US President Donald Trump makes his way to board Air Force One before departing from Andrews Air Force Base in Maryland on January 18, 2018. Trump is heading to Coraopolis, Pennsylvania for a visit. / AFP PHOTO / MANDEL NGANMANDEL NGAN/AFP/Getty Images
    MANDEL NGAN/AFP/Getty Images
    President Trump made his way to board Air Force One on Thursday.

    WASHINGTON — Reinforcing its strong connection with social conservatives, the Trump administration announced Thursday a new federal office to protect medical providers refusing to participate in abortion, assisted suicide or other procedures on moral or religious grounds.

    Leading Democrats and LGBT groups immediately denounced the move, saying ‘‘conscience protections’’ could become a license to discriminate, particularly against gay and transgender people.

    The announcement by the Department of Health and Human Services came a day ahead of the annual march on Washington by abortion opponents, who will be addressed via video link by President Donald Trump. HHS put on a formal event in the department’s Great Hall, with Republican lawmakers and activists for conscience protections as invited speakers.



    Although the HHS civil rights office has traditionally received few complaints alleging conscience violations, HHS Acting Secretary Eric Hargan, painted a picture of clinicians under government coercion to violate the dictates of conscience.

    ‘‘For too long, too many health care practitioners have been bullied and discriminated against because of their religious beliefs and moral convictions, leading many of them to wonder what future they have in our medical system,’’ Hargan told the audience.

    ‘‘The federal government and state governments have hounded religious hospitals and the men and women who staff them, forcing them to provide or refer for services that violate their consciences, when they only wish to serve according to their religious beliefs,’’ Hargan added.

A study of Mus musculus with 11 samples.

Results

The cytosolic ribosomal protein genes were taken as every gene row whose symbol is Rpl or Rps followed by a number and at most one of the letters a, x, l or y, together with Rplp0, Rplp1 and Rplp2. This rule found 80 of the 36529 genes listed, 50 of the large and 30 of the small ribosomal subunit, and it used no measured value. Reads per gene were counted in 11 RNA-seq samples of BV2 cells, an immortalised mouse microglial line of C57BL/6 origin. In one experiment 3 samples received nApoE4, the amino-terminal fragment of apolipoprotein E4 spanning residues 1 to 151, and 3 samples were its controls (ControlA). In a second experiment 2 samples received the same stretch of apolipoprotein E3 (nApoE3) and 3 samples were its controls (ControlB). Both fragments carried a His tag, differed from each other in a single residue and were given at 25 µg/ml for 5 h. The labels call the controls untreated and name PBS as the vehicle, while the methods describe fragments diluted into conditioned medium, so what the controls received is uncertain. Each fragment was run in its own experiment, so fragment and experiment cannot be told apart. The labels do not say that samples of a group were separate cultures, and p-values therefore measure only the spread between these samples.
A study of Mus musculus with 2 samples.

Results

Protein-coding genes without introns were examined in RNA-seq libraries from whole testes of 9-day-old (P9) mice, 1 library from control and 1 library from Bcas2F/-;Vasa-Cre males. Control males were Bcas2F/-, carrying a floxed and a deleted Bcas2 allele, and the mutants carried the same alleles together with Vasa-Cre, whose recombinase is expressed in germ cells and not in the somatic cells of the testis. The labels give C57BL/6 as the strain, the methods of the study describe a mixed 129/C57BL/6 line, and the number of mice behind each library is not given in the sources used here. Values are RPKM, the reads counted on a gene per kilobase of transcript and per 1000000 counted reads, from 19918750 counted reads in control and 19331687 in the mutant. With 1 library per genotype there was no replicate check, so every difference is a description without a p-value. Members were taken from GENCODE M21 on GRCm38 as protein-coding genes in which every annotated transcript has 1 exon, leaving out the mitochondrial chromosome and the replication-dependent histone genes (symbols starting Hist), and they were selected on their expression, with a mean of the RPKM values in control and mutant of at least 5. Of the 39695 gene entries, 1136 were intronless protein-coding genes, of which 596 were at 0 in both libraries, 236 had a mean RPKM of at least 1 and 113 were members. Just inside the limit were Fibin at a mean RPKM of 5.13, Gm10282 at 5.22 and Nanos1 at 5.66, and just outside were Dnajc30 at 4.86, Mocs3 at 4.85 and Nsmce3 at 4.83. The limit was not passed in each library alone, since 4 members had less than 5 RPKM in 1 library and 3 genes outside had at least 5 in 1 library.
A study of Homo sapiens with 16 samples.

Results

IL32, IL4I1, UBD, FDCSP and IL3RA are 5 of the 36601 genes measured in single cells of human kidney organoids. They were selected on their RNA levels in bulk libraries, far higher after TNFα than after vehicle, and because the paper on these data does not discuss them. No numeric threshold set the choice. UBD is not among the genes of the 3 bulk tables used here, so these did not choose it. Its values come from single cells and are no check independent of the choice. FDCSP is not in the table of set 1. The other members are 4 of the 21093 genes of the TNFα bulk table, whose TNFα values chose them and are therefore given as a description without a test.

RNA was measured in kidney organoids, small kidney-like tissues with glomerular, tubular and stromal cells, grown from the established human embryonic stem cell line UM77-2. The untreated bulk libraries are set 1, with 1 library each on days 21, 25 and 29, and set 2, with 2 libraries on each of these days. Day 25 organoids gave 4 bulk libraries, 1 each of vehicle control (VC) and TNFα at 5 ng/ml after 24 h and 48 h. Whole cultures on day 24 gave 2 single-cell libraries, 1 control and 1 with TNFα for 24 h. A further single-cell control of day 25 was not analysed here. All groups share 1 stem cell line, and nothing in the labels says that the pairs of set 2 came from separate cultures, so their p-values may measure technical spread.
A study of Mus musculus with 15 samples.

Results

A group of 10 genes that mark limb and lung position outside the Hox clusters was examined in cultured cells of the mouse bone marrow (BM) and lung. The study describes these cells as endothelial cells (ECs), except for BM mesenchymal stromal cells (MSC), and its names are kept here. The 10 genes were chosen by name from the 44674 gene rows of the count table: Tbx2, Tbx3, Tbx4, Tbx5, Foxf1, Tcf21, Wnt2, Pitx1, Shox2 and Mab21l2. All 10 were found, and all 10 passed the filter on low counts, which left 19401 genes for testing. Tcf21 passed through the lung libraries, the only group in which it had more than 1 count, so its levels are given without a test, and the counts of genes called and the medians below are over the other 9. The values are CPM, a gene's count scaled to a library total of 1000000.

That law, which requires anti-abortion crisis pregnancy centers to post information about abortion and other services, is the subject of a free-speech challenge brought by the pregnancy centers that will be heard by the U.S. Supreme Court.

    Although the HHS civil rights office traditionally has gotten a small number of complaints involving religious and conscience rights, the number has grown since Trump was elected.

    Office director Roger Severino said that from 2008 to Nov. 2016, HHS received 10 such complaints. Since Trump won, the office has received 34 new complaints. Before his appointment to government service under Trump, Severino was an expert on religious freedom, marriage, and life issues at the conservative Heritage Foundation.

    The new HHS office joins the list of administration actions seen as pleasing to social conservatives, including expanded exemptions for employers who object to providing contraceptive coverage, and the White House move to bar military service by transgender people. Those initiatives have run into legal challenges.


    ‘‘They are prioritizing providers’ beliefs over patients’ health and lives,’’ Louise Melling, deputy legal director of the American Civil Liberties Union, said in a statement. ‘‘This administration isn’t increasing freedom — they’re paving the way for discrimination.’’

    On Capitol Hill, Rep. Frank Pallone, D-N.J., pledged to keep a close eye on the new enforcement office. ‘‘Religious freedom should not mean that our health care providers have a license to discriminate or impose their beliefs on others,’’ Pallone said. He is the ranking Democrat on the Energy and Commerce Committee, which has jurisdiction over many health care issues.

    LGBT-rights organizations suggested some medical providers will be emboldened to shun gay, lesbian and transgender patients.

    ‘‘LGBT people have already been turned away from hospitals and doctors’ offices,’’ said Rachel Tiven, CEO of Lambda Legal. ‘‘The Orwellian ‘Conscience and Religious Freedom’ unit simply provides guidance on how they can get away with it.’’

    But conservatives said the new office will help maintain balance in the health care system. It’s a world that has become increasingly secular, even if many of its major institutions sprang from religious charity.

    ‘‘In the context of health care, Americans have very deep, sincere differences on a number of ethical and moral matters,’’ said Heritage Foundation analyst Melanie Israel. ‘‘It’s these conscience protections that allow us to work and live alongside each other despite our differences.’’

    Monday marks the 45th anniversary of Roe v. Wade, the landmark Supreme Court decision legalizing abortion.